Ep 116: Importance of Mentoring in CRNA Leadership Development

For more than 20 years, the AANA Mentorship Program has played an integral role in the development of young CRNAs thanks to both the mentors and mentees that have committed to the annual event. Tracy Castleman, CRNA, has been deeply involved in the mentoring process so we asked her to join us to talk about the program, why it’s important for CRNAs to get involved, and what young professionals can expect to get out of this experience.

Click the timestamps below to help you navigate through the many topics we discussed.

On This Episode:

The future of any profession lies in the hands of its young people, and that’s no different for CRNAs. That’s why we advocate all the time for people to get involved in the AANA and other organizations. It helps the profession continue to grow and move forward.

One great opportunity the AANA provides every year is the Mentorship Program, and Tracy Castleman, CRNA, has been involved with it since the beginning. The program began at the annual meeting in 1999 but was skipped in 2000 because there was already so much going on at the IFNA meeting in Chicago. But it returned in 2001 and has been going strong every year since.

Despite its longevity, there are plenty of people that either aren’t aware of the program or not completely sure what all is involved. So we’re going to lean on Tracy’s experience on this episode to learn about both sides of the program. Whether you are interested in becoming a mentor or thinking about singing up as a mentee, we’ll go into detail on what you can expect from the AANA Mentorship Program and why it’s so important for our profession.

So as you get started, keep an ear out for these topics:

  • What made mentoring such a priority in Tracy’s life.
  • How the AANA mentoring program began.
  • The program’s growth over 20+ years.
  • What makes a person a mentor and why is it so important to provide that guidance to young CRNAs.
  • Want to get involved in the program? Find out how the process goes.
  • What happens on-site when the mentorship takes place.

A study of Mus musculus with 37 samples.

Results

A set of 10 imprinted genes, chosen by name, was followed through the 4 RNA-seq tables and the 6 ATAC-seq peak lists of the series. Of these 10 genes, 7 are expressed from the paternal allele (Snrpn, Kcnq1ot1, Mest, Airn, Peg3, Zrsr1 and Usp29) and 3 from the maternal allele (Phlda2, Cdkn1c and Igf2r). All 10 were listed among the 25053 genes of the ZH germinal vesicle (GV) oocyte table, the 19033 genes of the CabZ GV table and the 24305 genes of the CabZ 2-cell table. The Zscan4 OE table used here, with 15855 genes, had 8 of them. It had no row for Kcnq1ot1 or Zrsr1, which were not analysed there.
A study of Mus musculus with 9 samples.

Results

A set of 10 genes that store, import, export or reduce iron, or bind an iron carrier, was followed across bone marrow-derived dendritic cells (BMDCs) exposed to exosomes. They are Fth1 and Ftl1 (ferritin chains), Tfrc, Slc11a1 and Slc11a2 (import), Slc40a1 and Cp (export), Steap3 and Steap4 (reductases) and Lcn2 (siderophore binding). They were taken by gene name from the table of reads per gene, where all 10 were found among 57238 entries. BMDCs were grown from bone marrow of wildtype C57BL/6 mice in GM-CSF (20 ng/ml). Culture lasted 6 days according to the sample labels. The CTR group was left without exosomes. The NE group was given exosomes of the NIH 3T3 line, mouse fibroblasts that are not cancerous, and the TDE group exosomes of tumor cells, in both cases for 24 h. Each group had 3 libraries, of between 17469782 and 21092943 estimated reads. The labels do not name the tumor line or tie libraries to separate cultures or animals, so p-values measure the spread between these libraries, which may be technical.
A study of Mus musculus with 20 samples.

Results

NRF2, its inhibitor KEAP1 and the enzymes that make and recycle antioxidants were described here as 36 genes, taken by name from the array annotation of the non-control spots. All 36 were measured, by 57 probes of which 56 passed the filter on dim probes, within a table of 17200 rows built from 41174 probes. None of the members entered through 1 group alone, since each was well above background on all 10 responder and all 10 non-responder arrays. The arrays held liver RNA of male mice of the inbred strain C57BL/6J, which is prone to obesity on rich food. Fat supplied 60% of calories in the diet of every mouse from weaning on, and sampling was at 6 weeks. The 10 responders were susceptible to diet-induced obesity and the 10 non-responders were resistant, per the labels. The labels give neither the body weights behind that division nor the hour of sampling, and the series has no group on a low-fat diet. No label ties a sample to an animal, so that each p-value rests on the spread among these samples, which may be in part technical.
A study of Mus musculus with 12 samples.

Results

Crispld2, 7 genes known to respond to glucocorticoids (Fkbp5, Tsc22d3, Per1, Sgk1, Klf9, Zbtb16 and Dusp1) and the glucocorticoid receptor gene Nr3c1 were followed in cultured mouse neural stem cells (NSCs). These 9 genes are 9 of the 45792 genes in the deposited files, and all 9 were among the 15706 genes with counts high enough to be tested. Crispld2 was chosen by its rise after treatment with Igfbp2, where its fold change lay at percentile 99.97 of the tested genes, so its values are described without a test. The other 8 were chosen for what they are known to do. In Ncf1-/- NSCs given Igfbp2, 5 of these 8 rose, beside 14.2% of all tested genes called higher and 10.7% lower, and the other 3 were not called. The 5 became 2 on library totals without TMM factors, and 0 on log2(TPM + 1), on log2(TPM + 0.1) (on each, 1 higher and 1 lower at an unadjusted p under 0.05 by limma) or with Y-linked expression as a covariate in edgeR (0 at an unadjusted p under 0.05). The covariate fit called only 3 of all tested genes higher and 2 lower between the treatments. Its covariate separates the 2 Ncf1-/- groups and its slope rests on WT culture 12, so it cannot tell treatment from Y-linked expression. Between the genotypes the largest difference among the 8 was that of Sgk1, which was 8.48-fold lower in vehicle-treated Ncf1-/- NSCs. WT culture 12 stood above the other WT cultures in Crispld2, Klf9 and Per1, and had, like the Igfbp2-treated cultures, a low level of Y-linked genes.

• She’s in charge of the charitable arm of the NJANA and tells the story of how that was started.

Check it out in the interview at the top of the page and use the timestamps to help you navigate through the many topics we discussed.

4:47 – Background on Tracy   

7:13 – Why mentoring is important

9:28 – The first mentoring program

10:55 – Growth of the program

12:17 – Reasons mentorship is important for CRNAs 

14:37 – Key attributes of mentors and mentees

17:51 – How someone can get involved

19:16 – What happens on-site

28:31 – Charitable arm of NJANA

34:06 – Final thoughts on today’s topic

“When you take them in that moment, that timeframe when they’re still willing to learn and they’re willing to model a behavior, and you put them side-by-side with somebody who is motivated to share their experiences with them and allow them to have a safe space to ask questions and to bounce off ideas, I believe we create a better, more professional workforce.”

-Tracy Castleman, CRNA





COVID-19 Pandemic

Ep 213: Moral Injury and Nurse Anesthesia

With the increased distress and rationing of care that arose during the COVID-19 pandemic, the topic of Moral Injury (MI) has started to garner much more attention in the world of healthcare. This repeated conflict between an individual’s morality and the management of care causes a deep emotional wound that often drives workers out of the profession altogether. Jerry Hogan, DNSc, CRNA wrote an article about this subject, so we’ve asked him to explain the effects of MI and how CRNAs can resolve this conflict.

Current Events

Ep 212: Thankful for the AANA and Its Ongoing Efforts for CRNAs

It hasn’t been the easiest year for a lot of people, but we know there’s still plenty to be grateful for as we approach another Thanksgiving. Specifically, we wanted to shine the light on the AANA and everything they do for our profession each year. New AANA President Angie Mund, DNP, CRNA is a friend of the show and someone we appreciate quite a bit so we wanted to spend some time with her on this holiday to talk about everything she’s hoping to accomplish over the next year.


Ep 211: Anesthesia Management for a Pheochromocytoma

We’ve had CRNAs and SRNAs ask us to give them the essential information needed to manage a particular case and today we’re going to do that with Pheochromocytoma. This is the second episode in our endocrine surgical procedures series and there will be some valuable info that you might find on exams as well. Here’s the power-packed episode for anesthesia management for a Pheochromocytoma that we hope you get a lot out of.